Adult-Onset ADHD Is Usually Something Else
A new study finds that 95 percent of late-onset ADHD cases aren’t ADHD.
Posted Nov 15, 2017
Among the many debates and questions that exist about Attention Deficit Hyperactivity Disorder (ADHD) is the question of whether or not its symptoms can begin in adolescence or even adulthood. With a few exceptions, like in cases of traumatic brain injury, the behaviors and thought patterns of ADHD are generally thought to be evident fairly early in childhood. Indeed, the official diagnosis of ADHD in DSM-5 requires that there be symptoms present in multiple setting before the age of 12. Despite these rules, many psychiatrists and other professionals who treat ADHD are seeing a noticeable rise in individuals who didn’t read the DSM and are seeking an evaluation for ADHD for symptoms that did not start until later in life.
To investigate this phenomenon more closely, a group of researchers took advantage of some relatively unique data that had been collected initially for a different purpose. The well-known Multimodal Treatment Study of ADHD (MTA) was designed in the 1990s to offer a rigorous look at the pharmacological and non-pharmacological treatment for ADHD among children initially between seven and 10 years of age. As part of the study, a comparison group was included of 239 youth who were not found to meet criteria for ADHD after a thorough assessment in childhood. This group was followed into adolescence and adulthood using an assessment procedure that included rating scales, structured interviews, and examination of substance use.
As would be expected, some of the people in this group who were initially deemed not to meet criteria for ADHD started experiencing problems with inattention and/or hyperactivity later in development and these folks were carefully evaluated. A total of 8.9 percent of the comparison sample that did not meet criteria for ADHD at baseline reported DSM-5 level of adolescent-onset ADHD symptoms that included the presence of impairment from these symptoms. After more detailed examination, however, these symptoms were judged in 14 percent of them to be due to heavy cannabis use, while in another 24 percent the underlying cause seemed to be different psychiatric disorders. Furthermore, in 33 percent of the cases, the symptoms only were apparent in one setting.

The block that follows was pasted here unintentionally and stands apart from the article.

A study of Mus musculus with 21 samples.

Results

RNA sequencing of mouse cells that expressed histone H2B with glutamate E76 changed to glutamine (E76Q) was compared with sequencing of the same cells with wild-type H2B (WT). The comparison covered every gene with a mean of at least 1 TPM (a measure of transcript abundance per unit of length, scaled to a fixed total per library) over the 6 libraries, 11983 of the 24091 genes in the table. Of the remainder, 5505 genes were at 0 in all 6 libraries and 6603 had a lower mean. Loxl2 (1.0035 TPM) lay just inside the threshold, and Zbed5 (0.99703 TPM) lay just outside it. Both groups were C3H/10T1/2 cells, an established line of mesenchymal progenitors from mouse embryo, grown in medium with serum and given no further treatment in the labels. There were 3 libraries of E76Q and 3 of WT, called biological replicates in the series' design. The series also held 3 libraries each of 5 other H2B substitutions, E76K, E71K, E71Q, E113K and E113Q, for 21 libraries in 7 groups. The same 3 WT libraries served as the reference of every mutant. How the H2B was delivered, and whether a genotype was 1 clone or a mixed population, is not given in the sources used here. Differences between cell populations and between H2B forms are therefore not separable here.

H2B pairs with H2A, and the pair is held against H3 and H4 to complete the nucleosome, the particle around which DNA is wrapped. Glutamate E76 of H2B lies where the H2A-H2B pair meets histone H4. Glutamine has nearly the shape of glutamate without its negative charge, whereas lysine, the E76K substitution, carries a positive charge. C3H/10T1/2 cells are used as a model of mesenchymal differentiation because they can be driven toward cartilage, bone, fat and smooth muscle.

Looking at cases of possible adult-onset ADHD, the same picture emerged with again substance use and other mental disorders accounting for a large proportion of what otherwise appeared to be adult-onset ADHD. Indeed, only two subjects were deemed to have true adult-onset ADHD and both had other significant mental health symptoms. Putting it all together, the authors calculated that 95 percent of subjects who reported later onset ADHD symptoms did not actually have the diagnosis after careful assessment.
The researchers concluded that the majority of what appears to be late-onset ADHD is better accounted for by substance use, other psychiatric disorders, or non-impairing cognitive fluctuations. They advise very careful assessment of individuals who present with what appears to be late-onset ADHD.
While this study goes a long way to demonstrate that what may appear to be ADHD in adolescence and adulthood is often better accounted for by something else, it is important to point out that the 95 percent statistic quoted for this study probably can’t just be applied to the situation that most mental health professionals face with their evaluations because the people coming to be evaluated rarely had a comprehensive assessment that ruled out ADHD in childhood. People can present later in life with ADHD symptoms that, upon more careful examination, had been present all along. However, this study suggests that “pure” adolescent or adult-onset ADHD may be much less common than the raw numbers suggest.
Sibley MH. et al. Late-Onset ADHD Reconsidered With Comprehensive Repeated Assessments Between Ages 10 and 25. Am J Psychiatry, epub ahead of print.